Jean Bye

This column is the fourth of seven installments based on Jean Bye’s 2022 Hoyt Memorial Lecture delivered at CastExpo in Columbus, Ohio.

When we are young, we see leadership as an opportunity to be in charge, to have our own way, or to be our own boss. As we experience leadership, we realize the extreme amount of responsibility being a leader encompasses.

As a leader, you are responsible for the success of the organization and the livelihood of the employees. When you wait too long to deal with a toxic employee, and it makes life miserable for others—that is on you. I have seen the impact of several toxic employees on our organization. Many of them were extremely talented technically, but hard on the team. The solution is to embrace generous severance. As a servant leader you must do what is most important for the team’s health —even when the person is talented. 

Another leadership lesson is the realization that we cannot succeed as individual achievers. Even working 24 hours a day, seven days a week, you cannot accomplish the goals of the organization without a full team motivated, educated, and pulling in the same direction. A lot of good books have been written on this subject but following are four things I personally found most important.
First, encourage initiative. Initiative is having the emotional commitment to try something new and to see it through. As a supervisor, allow employees to make their own mistakes if they are learning from their mistakes. Avoid telling them I told you so. Teach them to fail fast and to recognize when something is not working the way they thought it would. Give them the confidence to let go of it and try the next thing.

If you are a younger employee, sometimes you may have a boss who is too busy to get you answers and you see something that needs your initiative. You have a choice of waiting until your boss tells you, ask your boss what to do, recommend some actions, act and immediately tell your boss what you did, or finally, act on your own and routinely report back to your boss. Different solutions may be correct in different situations with various levels of risks (and different bosses), but often the best initiative lands in the last one where you take the initiative to act on your own and keep your boss well informed along the way.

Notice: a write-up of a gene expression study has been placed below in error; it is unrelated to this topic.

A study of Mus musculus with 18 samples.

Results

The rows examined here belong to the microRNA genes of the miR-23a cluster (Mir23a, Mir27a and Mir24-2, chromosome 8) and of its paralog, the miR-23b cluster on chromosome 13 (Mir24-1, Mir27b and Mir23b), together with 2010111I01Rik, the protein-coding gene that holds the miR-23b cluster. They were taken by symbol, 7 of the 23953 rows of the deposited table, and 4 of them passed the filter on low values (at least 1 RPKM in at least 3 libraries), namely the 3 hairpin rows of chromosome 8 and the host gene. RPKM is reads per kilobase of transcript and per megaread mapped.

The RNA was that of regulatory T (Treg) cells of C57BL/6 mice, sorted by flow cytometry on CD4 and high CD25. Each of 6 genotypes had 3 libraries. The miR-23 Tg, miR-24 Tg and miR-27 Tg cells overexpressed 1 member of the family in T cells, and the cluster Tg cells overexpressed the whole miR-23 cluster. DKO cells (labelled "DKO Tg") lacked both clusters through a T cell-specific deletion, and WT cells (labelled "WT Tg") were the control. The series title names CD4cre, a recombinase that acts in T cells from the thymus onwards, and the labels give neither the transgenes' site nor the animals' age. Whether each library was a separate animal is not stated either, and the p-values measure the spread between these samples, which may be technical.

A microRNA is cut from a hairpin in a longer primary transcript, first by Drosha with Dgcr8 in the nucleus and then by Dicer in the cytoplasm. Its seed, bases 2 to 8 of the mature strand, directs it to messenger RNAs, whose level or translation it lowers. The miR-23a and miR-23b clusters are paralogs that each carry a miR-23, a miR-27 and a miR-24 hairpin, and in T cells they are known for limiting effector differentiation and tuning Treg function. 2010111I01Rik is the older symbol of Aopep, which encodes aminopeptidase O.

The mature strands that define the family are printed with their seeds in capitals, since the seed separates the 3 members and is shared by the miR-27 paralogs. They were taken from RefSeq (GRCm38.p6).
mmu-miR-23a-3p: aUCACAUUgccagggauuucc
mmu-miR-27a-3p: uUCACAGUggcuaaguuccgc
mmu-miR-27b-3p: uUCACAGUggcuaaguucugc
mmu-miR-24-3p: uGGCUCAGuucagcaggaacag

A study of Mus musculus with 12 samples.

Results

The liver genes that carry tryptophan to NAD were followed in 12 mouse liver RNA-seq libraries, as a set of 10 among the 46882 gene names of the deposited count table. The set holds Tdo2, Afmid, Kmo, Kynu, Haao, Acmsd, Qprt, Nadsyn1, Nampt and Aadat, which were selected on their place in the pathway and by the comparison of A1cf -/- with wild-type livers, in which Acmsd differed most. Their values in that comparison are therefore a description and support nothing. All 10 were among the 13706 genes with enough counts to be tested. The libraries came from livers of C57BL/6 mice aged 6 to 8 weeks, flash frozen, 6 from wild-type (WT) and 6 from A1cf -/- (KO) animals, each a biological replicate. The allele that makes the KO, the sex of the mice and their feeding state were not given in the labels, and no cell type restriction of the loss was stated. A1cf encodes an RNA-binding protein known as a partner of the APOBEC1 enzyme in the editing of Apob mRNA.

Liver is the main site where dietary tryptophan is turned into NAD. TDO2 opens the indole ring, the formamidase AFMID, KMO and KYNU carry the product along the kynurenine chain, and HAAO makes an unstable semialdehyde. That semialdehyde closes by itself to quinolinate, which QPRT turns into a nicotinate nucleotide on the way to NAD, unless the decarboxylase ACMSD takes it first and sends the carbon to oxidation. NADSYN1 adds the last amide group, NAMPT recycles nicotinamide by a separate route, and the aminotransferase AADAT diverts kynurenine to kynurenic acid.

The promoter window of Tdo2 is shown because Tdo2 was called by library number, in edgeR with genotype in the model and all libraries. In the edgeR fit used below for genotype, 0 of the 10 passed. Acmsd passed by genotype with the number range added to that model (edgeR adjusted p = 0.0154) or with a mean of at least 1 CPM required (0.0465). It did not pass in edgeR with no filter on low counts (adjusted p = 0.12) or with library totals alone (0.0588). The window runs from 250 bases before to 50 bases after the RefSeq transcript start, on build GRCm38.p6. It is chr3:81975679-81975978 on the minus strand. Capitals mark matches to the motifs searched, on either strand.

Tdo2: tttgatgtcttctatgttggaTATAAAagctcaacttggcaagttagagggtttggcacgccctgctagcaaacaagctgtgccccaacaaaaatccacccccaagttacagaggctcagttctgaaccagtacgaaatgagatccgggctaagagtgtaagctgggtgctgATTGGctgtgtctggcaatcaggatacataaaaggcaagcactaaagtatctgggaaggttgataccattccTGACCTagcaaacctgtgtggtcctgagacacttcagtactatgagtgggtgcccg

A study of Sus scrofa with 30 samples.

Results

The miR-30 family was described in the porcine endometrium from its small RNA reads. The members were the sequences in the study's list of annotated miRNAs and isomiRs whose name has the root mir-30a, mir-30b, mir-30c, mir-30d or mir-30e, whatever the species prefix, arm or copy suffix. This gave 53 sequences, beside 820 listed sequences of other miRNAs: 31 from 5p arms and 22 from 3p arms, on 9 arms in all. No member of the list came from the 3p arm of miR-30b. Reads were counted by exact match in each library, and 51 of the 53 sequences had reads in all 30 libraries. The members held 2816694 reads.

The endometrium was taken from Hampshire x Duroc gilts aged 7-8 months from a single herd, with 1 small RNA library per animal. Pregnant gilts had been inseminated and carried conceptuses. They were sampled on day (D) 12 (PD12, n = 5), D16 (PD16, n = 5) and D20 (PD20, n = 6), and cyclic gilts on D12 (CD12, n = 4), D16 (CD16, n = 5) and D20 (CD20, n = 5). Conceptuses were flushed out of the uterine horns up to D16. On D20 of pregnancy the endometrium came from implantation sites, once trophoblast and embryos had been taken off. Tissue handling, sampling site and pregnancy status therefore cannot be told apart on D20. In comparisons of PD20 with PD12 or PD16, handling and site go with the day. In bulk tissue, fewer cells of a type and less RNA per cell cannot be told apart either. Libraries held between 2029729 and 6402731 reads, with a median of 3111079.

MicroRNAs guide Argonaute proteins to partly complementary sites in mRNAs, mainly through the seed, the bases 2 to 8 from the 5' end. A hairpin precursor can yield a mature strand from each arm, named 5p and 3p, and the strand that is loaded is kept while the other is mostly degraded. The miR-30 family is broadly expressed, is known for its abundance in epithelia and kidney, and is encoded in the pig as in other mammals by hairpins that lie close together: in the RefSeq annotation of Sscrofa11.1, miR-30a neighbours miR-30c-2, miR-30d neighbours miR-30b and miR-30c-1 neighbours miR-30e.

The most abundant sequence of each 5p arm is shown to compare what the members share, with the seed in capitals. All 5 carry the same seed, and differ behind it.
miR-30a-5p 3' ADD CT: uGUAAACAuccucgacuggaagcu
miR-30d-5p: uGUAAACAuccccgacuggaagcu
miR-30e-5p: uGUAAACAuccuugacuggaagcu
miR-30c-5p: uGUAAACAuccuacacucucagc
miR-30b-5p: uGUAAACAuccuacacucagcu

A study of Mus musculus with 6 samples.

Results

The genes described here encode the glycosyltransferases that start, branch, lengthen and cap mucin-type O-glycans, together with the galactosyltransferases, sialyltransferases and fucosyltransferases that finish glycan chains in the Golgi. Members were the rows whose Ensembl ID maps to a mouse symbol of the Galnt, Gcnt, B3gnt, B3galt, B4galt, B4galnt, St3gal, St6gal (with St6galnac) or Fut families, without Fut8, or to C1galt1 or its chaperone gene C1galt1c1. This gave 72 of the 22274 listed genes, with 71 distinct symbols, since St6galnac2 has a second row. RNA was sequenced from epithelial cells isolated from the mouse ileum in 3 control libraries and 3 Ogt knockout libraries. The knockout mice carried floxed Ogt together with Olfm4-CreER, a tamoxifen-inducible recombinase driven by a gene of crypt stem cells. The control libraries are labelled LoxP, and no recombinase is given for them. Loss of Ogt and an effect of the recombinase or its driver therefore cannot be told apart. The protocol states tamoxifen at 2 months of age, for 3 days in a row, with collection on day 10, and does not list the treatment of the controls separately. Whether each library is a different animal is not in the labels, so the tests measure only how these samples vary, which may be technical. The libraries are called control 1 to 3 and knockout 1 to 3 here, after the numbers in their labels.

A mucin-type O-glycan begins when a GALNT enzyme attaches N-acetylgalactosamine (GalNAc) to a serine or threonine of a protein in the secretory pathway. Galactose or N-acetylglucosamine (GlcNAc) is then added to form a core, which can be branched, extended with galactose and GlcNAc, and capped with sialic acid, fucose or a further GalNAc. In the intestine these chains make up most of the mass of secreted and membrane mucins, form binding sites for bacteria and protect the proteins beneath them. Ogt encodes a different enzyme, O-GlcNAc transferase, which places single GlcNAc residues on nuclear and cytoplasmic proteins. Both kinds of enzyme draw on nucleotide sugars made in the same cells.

Second, empathy builds loyalty. I’ve found over the years that it is so easy to build a negative fantasy. Negative fantasies are when, in the absence of full information, you think the worst. If you can step into the shoes of the other person, this often helps us overcome our natural tendency to create these negative fantasies. If you are going to create a fantasy in the absence of facts, why not create a positive fantasy and think the best of the person?

Third, think of your job as to be a servant. If you did nothing during a day except support and keep the team doing their best—that might be the most important value you can bring. When someone is overwhelmed, support them. Do not be afraid to dive in and get dirty. While you do not want to step in front of your employees’ team, and you don’t want to let them off the hook for what they can or should be doing—there is a time for pitching in and supporting the team. Be there to serve them instead of seeing that they are there to serve you.

Fourth, focus on communication. Be intentional about your communication style. Face the speaker. Make eye contact. Listen to non-verbal cues. Don’t interrupt, judge, jump to a conclusion, or start planning what you will say while they are still talking. Do stay focused, listen for intent, and ask clarifying questions.

Style matters, as well. Some people need longer conversational pauses, and if you like to fill the pauses you will shut down communication. If you really want to hear what they are thinking, allow pauses to match their communication style not yours. Another point in communication is what we often refer to as “Minnesota nice.” You may have to ask three times to get the real answer if the other person is simply being polite. An example might be when you ask someone if they have any thoughts on a subject and they do not … If you can ask them in three different ways, you may find they eventually believe you truly want to hear what they were hesitant to say. They may see you were not just asking out of politeness, but genuinely want to hear. Or simply be quiet. Police know that there are times they will get more information by being quiet and letting the other person fill that quiet. So be very intentional on how you use communication.

Zoom has helped many of us be more aware of our communication since it forces us to pause and doesn’t allow us to talk over the top of someone. If you are talking to someone who doesn’t give pauses to let you speak, you may find you have to say, “I’ve listened to you, now it is time for me to give me input.” Make an assertive comment that says, “My thoughts are important.”

TAKEAWAY #4: Servant leadership means putting the needs of the team ahead of your own needs and desires. Be intentional about truly listening and building up those around you. By putting others first your career will be enhanced.